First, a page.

Made in Dagenham3 Stars (R)
The world doesn’t seem to have as many great changers these days. Maybe it’s because cries for equal rights ring out as more of a niche interest than a noble pursuit, with everyone throwing up a Twitter hashtag for change and then patting themselves on the back. Maybe we’ve run out of Norma Raes and Martin Luther King Jr.s, (?) or maybe no one individual can make comparable headway in their respective fights as those leaders did.
Rita O’Grady (Sally Hawkins) fit the “changer” bill. In 1968, when womens’ sewing work at a Ford plant in Dagenham, London, was classified as “unskilled labor,” while mens’ assembly line duties were considered skilled, O’Grady led a strike for equal pay. It was a display of might that earned the attention of Ford execs (exemplified here by Richard Schiff) and U.K. Secretary of State (Miranda Richardson). It eventually spurred England’s parliament to follow the lead of the United States with regard to gender gap-bridging legislation.
As relayed in Made in Dagenham, though, the women’s tale of conviction fits into a very particular crowd-pleasing mold, with director Nigel Cole sticking to formula just as he did with 2003’s Calendar Girls. In Dagenham the fight for equal rights is rendered with an ever-so-bawdy sense of humor – a banner intended to say “We Want Sex Equality” temporarily read “We Want Sex” (a true-life development that was the film’s original title) – and a liberal dose of era-appropriate pop tunes on the soundtrack.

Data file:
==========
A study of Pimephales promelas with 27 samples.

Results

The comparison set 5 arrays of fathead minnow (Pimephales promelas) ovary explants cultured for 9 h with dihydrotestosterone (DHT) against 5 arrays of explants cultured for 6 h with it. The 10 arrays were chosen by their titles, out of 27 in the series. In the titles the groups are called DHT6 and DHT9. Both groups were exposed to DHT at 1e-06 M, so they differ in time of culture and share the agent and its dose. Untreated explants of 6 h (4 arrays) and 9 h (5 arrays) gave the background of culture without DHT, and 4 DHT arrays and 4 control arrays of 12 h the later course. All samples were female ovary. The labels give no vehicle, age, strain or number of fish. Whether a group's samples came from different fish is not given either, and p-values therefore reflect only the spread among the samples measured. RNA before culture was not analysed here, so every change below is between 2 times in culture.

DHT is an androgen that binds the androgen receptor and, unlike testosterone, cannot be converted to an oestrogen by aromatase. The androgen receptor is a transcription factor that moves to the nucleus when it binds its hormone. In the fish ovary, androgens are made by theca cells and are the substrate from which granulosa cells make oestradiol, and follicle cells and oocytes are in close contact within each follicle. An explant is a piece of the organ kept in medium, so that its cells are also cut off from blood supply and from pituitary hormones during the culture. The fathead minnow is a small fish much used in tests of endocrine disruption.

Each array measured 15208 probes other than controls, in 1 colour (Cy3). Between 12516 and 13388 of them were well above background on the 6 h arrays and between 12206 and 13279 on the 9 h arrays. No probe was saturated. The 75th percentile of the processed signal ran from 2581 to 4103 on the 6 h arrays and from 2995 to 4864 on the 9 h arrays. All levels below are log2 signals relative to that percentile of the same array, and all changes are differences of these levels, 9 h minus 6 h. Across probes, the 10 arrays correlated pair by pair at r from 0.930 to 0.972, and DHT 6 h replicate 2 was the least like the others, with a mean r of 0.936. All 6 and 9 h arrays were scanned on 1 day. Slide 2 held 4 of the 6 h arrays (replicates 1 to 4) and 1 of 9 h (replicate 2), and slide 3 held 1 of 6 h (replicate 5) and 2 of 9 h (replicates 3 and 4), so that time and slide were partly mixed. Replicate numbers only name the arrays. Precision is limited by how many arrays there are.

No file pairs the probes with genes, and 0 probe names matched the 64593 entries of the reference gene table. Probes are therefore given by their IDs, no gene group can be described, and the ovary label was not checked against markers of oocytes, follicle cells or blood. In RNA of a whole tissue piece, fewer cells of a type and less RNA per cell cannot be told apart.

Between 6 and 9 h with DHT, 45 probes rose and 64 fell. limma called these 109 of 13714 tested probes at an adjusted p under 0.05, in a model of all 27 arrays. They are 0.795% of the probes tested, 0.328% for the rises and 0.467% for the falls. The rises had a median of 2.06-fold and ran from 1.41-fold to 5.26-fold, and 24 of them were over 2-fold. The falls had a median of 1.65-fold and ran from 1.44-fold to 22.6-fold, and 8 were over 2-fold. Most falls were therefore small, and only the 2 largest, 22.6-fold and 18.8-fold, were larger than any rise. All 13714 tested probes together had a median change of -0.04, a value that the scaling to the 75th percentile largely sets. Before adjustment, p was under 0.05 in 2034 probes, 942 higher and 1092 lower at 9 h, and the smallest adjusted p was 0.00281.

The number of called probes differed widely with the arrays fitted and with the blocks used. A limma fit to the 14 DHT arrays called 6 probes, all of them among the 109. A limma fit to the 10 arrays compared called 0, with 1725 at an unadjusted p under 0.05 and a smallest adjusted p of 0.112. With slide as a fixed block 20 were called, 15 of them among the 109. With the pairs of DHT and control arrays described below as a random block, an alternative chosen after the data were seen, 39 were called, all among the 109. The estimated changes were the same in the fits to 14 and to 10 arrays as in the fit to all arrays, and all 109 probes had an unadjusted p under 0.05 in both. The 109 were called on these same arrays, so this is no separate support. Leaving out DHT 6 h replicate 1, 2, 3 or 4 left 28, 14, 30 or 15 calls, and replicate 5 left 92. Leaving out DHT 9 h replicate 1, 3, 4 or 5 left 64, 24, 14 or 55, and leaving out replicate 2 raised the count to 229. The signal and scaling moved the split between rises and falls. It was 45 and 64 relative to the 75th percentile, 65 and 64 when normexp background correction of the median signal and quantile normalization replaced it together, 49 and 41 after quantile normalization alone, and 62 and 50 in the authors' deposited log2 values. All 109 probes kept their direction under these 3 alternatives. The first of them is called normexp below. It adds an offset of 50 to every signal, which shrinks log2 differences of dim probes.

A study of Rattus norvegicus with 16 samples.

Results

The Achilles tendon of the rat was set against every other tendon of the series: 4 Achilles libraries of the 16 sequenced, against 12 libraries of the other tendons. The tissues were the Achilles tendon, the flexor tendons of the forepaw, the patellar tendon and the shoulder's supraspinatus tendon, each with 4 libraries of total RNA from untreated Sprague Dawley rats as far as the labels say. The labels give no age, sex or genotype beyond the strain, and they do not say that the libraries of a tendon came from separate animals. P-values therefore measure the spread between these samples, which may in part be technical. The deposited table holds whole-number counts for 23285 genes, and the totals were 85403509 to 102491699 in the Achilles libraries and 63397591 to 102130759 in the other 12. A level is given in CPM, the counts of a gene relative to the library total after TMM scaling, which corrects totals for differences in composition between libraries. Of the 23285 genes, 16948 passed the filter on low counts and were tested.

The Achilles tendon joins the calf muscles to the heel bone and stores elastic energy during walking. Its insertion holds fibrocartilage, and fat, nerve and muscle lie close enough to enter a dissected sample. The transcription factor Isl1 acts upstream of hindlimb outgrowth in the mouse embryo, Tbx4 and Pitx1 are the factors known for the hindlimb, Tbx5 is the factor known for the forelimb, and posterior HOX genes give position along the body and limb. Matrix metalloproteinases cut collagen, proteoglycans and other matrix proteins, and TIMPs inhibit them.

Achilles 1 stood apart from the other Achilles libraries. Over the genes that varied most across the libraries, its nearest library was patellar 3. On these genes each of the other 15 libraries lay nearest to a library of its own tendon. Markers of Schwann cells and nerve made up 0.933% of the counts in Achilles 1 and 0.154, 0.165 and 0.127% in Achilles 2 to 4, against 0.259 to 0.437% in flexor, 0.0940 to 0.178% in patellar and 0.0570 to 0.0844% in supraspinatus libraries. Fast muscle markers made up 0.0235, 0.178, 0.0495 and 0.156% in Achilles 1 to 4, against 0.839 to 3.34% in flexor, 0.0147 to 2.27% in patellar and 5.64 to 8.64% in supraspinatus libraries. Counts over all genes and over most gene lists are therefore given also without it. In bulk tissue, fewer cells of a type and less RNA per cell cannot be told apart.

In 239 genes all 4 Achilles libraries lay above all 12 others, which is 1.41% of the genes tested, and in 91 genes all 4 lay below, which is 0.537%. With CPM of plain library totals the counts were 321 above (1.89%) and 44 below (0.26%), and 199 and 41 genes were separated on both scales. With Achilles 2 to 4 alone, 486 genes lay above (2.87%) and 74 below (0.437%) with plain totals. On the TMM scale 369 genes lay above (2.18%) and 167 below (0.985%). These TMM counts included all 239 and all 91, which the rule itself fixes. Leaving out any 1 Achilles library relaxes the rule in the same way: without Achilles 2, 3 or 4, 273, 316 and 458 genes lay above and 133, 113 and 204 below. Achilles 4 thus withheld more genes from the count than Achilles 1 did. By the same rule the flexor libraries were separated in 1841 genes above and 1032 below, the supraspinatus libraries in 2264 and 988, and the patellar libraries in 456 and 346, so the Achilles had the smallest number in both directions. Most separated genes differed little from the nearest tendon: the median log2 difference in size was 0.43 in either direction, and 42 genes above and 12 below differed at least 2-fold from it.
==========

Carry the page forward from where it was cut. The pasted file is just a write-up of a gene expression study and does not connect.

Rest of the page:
There are, of course, a fair share of Serious Moments with plenty of defiant speeches, glimpses of the financial hardships that came with closing a town’s primary source of jobs and maybe a few too many downer subplots. After all, if we didn’t have those, how would we know when to feel good again?
Hawkins depicts O’Grady as a convincingly reluctant leader, covertly urged to take action by union leader Albert Passingham (Bob Hoskins in a smirking supporting role). Richardson serves as the film’s designated scene-stealer, a woman in a position of power who is still subjected to the condescension of her male colleagues. Also in Rita’s corner: the well-educated yet shoved-aside wife (Rosamund Pike) of – wait for it – one of those stuffy auto execs, and Mr. O’Grady (Daniel Mays), an assembly line worker who suddenly finds himself caring for the kids and standing up for his wife while his fellow machinists grow restless.
Ultimately, Dagenham feels like a good movie about a great movement. In the moment, it’s a pleasant, safe entertainment that doles out story beats with assembly-line precision and whose stakes reside primarily in the performances. As a chronicle of generation-spanning progress, it’s too pat. Even behind the camera, we could use a few more changers these days.